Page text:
When it comes to matters of probate in the State of Texas, it is highly recommended that loved ones of the deceased enlist the help of a reputable and experienced attorney to facilitate the probate process in the most efficient manner possible. In many cases Texas courts can require an executor to be represented by a probate attorney to better protect their own rights and those of beneficiaries. For all things will and probate, it is essential to find legal representation with experience and a proven track record in probate court.
A Word About Wills, The Basis of Probate Court
When talking about wills in Texas, there are two primary scenarios loved ones of a deceased with a will should be familiar with:
- Will Admission
- Will Contestation
Regardless of which of these categories is most pertinent to an individual’s specific situation, there are several steps that are the same in the beginning of the process:
- Application for Probate. After an individual who has a will already in place passes, an application for probate should be filed in a probate court within the county of the deceased’s residence. Most hearings are scheduled approximately two weeks from this date.
- During the two weeks before a hearing, the county’s clerk is required to post a notice at the courthouse to alert any parties who may wish to contest the will.
If no parties come forth to contest a will, the probate proceedings can usually continue without interruption. The executor of the will may be required to answer some basic questions regarding the deceased’s family life and residence at a hearing. They are then usually asked to sign an oath promising to do due diligence while acting in the capacity of executor.
In the case that a will is contested, the individual contesting the will must prove they are “interested person” as defined by Texas law. The contestant must also have valid grounds for contesting a will which can include situations such as:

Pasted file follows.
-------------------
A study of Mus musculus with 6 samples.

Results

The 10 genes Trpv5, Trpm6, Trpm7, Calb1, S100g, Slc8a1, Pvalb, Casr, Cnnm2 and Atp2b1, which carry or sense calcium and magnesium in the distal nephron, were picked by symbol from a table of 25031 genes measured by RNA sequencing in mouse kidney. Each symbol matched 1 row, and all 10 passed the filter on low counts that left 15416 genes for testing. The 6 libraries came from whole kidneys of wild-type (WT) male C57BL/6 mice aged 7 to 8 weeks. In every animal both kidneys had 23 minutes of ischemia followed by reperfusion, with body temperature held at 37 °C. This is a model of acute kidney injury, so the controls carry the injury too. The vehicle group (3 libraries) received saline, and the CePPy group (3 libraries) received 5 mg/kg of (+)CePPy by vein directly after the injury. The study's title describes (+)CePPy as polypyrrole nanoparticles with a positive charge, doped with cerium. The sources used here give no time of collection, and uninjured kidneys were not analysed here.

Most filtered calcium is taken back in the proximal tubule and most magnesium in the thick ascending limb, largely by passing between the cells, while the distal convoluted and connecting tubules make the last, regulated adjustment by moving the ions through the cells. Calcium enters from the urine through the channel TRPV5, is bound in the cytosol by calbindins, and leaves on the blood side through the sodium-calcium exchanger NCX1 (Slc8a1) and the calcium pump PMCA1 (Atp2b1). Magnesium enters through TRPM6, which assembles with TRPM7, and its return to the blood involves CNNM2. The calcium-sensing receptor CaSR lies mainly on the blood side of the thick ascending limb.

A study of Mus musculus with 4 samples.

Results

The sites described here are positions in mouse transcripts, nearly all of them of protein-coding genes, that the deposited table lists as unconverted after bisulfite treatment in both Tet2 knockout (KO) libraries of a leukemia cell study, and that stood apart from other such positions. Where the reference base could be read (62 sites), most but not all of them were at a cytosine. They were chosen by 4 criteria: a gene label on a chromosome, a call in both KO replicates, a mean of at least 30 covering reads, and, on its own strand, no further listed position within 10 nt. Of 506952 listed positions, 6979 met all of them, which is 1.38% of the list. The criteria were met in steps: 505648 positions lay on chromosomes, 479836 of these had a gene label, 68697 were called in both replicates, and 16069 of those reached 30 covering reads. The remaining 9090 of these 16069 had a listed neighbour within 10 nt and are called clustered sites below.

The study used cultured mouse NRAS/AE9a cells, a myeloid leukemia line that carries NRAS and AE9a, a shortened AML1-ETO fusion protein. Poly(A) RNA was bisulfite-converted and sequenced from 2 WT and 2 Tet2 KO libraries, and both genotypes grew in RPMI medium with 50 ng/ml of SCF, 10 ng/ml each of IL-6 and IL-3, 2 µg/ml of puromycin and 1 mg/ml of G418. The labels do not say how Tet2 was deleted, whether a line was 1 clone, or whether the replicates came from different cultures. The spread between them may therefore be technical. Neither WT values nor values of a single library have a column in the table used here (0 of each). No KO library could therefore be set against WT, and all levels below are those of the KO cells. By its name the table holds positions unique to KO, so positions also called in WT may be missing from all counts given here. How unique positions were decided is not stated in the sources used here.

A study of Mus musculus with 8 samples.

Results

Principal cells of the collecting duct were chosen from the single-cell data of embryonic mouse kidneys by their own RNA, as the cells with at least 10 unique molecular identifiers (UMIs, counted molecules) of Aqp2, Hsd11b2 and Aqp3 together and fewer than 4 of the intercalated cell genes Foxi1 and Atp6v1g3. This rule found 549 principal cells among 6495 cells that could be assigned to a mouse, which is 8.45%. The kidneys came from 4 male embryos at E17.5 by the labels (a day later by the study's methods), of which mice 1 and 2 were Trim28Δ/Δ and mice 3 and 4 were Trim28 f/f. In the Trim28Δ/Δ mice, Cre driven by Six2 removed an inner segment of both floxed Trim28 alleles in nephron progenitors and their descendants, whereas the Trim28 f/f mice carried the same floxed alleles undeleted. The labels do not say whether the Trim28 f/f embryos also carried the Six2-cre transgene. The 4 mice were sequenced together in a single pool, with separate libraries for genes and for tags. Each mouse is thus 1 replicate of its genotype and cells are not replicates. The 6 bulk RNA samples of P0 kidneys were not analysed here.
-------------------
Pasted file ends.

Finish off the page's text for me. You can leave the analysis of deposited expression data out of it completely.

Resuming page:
- Lack of testamentary capacity
- Undue influence
A reputable probate attorney’s expertise can be invaluable for cases of will admission and will contestation via will validity, no-contest clauses, contestations, draft pleadings and more.
Dying Intestate or Dying Without A Will
The term intestate refers to the situation of an individual dying without a will in place. Without a will that documents heirs and beneficiaries, state law may then distribute the estate according to Texas probate code. Under this code, separate property and community property are defined differently.
Separate property is defined as:
- Property of the deceased that was given to them via marriage or inheritance
- Property owned by the deceased before a marriage
Community property then becomes property obtained during the course of a marriage that was not considered a gift or inheritance.
If someone dies intestate, the following scenarios are most common:
- Deceased is survived by a spouse and children
- Deceased is survived by a spouse but no children/descendants
- Deceased is survived by children only
- Deceased is survived by no spouse or children/descendants
In each of these situations Texas probate code clearly defines the guidelines for bequeathing separate and community personal property and land. To best determine who lawfully counts as a survivor and beneficiary, the court can appoint an attorney ad litem to thoroughly investigate family history via genealogical research and identify true heirs.
Wills and Muniment of Title
In the situation where an estate does not have any unsecured debts and only cash and real property for assets, a Muniment of Title may be appropriate. A will that is probated as a Muniment of Title is often considered a more convenient type of probate as it does not require an executor or administrator. However, it can only be processed as such when it has been longer than four years after the deceased’s passing.
If a will is used as a Muniment of Title, it has the capacity to transfer the ownership of the deceased’s property without an additional personal representative such as an estate’s executor and administrator.
Trust Litigation Receivership
A trust is designed to provide for a deceased’s beneficiaries while sparing them from spending excessive amounts of time in probate court.
However, in a case where an individual is involved in a suspected breach of trust or trust dispute, designating a receivership can be a way to temporarily protect their assets. Under these specific circumstances, an independent third party may be utilized to manage assets until a trial takes place.
Essentially, this act takes any notable power away from parties involved in a trust dispute and gives it to the independent third party. Because of the transfer of power, designating a receivership is a significant responsibility and should not be entered into lightly.
Receiverships can be terminated by a court that rules a trustee can continue on with their work or a new trustee is appointed.
If you or a loved one have recently experienced the loss of a family member and have questions about probate proceedings, please reach out to the probate attorneys at law at Harold “Hap” May, P.C. to discuss those questions and concerns.